Sunday, March 8, 2009

Movie Review

I've actually watched quite a few movies lately, seeing as how I work at Hasting's it is easy to get my hands on a movie or two haha. Currently I am in the middle of watching Harry Potter and the Order of the Phoenix (again) so I'll review and read gender in this movie.

In the Harry Potter movies, Harry is the hero. Typical gender stereotypes, other than this one, include: Snape (male) as the "maybe bad guy," Hermione as the "damsel in distress (at times) and the brainy one," Ron as the bumbling sidekick, Hagrid as the burly gamekeeper, Voldermort as the ulitimate bad guy, Umbridge as the evil woman seeking power and disregarding rules for her own agenda, and many many others. I never really noticed how gender was displayed in this movie until now. The advertisments portrayed these very roles, and if I remember correctly, at least one of the trailers shows Harry saving Hermione. I find it funny that in none of the Harry Potter movies Hermione is given as much credit as Harry and Ron for saving the day. She's the one who usually figures out the mystery, but that is all she really does. In this film, she fights the death eaters along side her male counterparts but isn't given as much film time in the scene. She also has to have help. There really aren't any characters who aren't straight. However, fans learned in the last year or so that Dumbledore is supposed to be gay, but his character seems to have no sexuality period to viewers. Only in the final book can anything be questioned and it is still very open to interpretation. This movie is definitely one that you shouldn't try to use this movie as one to show how gender is really represented in everyday life, just enjoy it for the imagination and creavitity in it.

In chapter 7 of F-Word, it covers many aspects of marriage. Two things really caught my attention: an assumption that heterosexual marrriage may begin to resemble homosexual couples and the divorce rate lowering in the recent years.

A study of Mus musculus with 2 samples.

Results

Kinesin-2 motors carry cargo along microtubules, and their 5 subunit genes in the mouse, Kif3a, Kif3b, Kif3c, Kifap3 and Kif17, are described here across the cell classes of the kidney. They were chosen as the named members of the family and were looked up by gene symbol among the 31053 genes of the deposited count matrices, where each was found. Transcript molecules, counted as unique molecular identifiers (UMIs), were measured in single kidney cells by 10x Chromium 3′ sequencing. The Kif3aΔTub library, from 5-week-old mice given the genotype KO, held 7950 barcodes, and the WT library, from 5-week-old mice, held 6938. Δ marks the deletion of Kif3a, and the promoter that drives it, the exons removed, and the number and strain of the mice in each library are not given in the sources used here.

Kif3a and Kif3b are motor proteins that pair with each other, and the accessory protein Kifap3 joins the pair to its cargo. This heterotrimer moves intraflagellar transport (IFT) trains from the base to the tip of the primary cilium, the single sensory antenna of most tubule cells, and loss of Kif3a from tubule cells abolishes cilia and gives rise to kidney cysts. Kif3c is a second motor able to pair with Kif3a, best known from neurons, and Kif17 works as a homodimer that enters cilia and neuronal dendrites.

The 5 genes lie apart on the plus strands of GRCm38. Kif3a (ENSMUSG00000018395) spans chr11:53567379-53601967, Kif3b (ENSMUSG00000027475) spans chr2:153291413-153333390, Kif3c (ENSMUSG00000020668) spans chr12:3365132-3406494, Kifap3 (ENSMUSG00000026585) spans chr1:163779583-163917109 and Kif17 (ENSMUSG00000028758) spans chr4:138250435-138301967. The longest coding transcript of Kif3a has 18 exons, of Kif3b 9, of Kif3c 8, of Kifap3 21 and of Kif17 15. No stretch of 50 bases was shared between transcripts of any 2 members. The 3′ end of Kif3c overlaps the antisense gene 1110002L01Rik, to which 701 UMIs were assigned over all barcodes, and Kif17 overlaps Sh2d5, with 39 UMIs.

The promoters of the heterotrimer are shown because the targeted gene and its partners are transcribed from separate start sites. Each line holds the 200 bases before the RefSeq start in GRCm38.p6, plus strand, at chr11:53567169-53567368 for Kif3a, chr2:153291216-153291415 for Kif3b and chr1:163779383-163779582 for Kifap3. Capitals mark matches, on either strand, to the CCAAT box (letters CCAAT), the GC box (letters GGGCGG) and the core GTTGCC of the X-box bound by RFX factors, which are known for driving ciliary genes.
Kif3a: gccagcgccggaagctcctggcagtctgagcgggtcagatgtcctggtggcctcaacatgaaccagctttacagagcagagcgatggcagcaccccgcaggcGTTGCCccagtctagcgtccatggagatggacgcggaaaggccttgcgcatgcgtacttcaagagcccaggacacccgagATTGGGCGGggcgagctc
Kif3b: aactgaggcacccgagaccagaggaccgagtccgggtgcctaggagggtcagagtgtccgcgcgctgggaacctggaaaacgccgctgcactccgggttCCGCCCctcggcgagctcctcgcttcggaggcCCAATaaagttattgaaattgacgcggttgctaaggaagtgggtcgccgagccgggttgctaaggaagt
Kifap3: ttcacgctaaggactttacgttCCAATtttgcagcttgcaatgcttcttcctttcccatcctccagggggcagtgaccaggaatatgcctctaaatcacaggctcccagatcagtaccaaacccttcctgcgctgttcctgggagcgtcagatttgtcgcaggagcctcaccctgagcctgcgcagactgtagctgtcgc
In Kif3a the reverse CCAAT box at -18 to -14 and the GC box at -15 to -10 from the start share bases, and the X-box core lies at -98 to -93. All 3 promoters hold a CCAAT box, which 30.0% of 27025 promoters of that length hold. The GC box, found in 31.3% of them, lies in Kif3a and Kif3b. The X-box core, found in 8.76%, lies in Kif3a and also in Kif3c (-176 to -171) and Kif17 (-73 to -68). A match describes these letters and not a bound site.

I was somewhat confused when the said assumption came up. When looking at male couples, the one who makes less in the workforce is usually the one who stays home. In heterosexual couples, if one stays home, it is the one who would make less. In history and currently that is more often than not the female. Pay disparity is still a problem in our society. I see it more as homosexual couples taking on the roles in heterosexual couples, not the other way around. It doesn't make sense to me to say that if less successful person stays home it is not at all from the old gender roles. I see it as if one of the males stays home, he isn't successful and should do the housework like a woman.
The divorce statistics were somewhat mindblowing. We are told that we have more of a chance of getting a divorce than those before us, however, as evidence in this reading suggests that isn't completely true. Couples married in the 1980s have more of a chance of getting a divorce than we do. Its somewhat ironic to me. We realize that divorces are becoming more common, so we wait until we are sure we have found the one we are meant to be with so as to lessen the chances of divorce. Smart kids haha.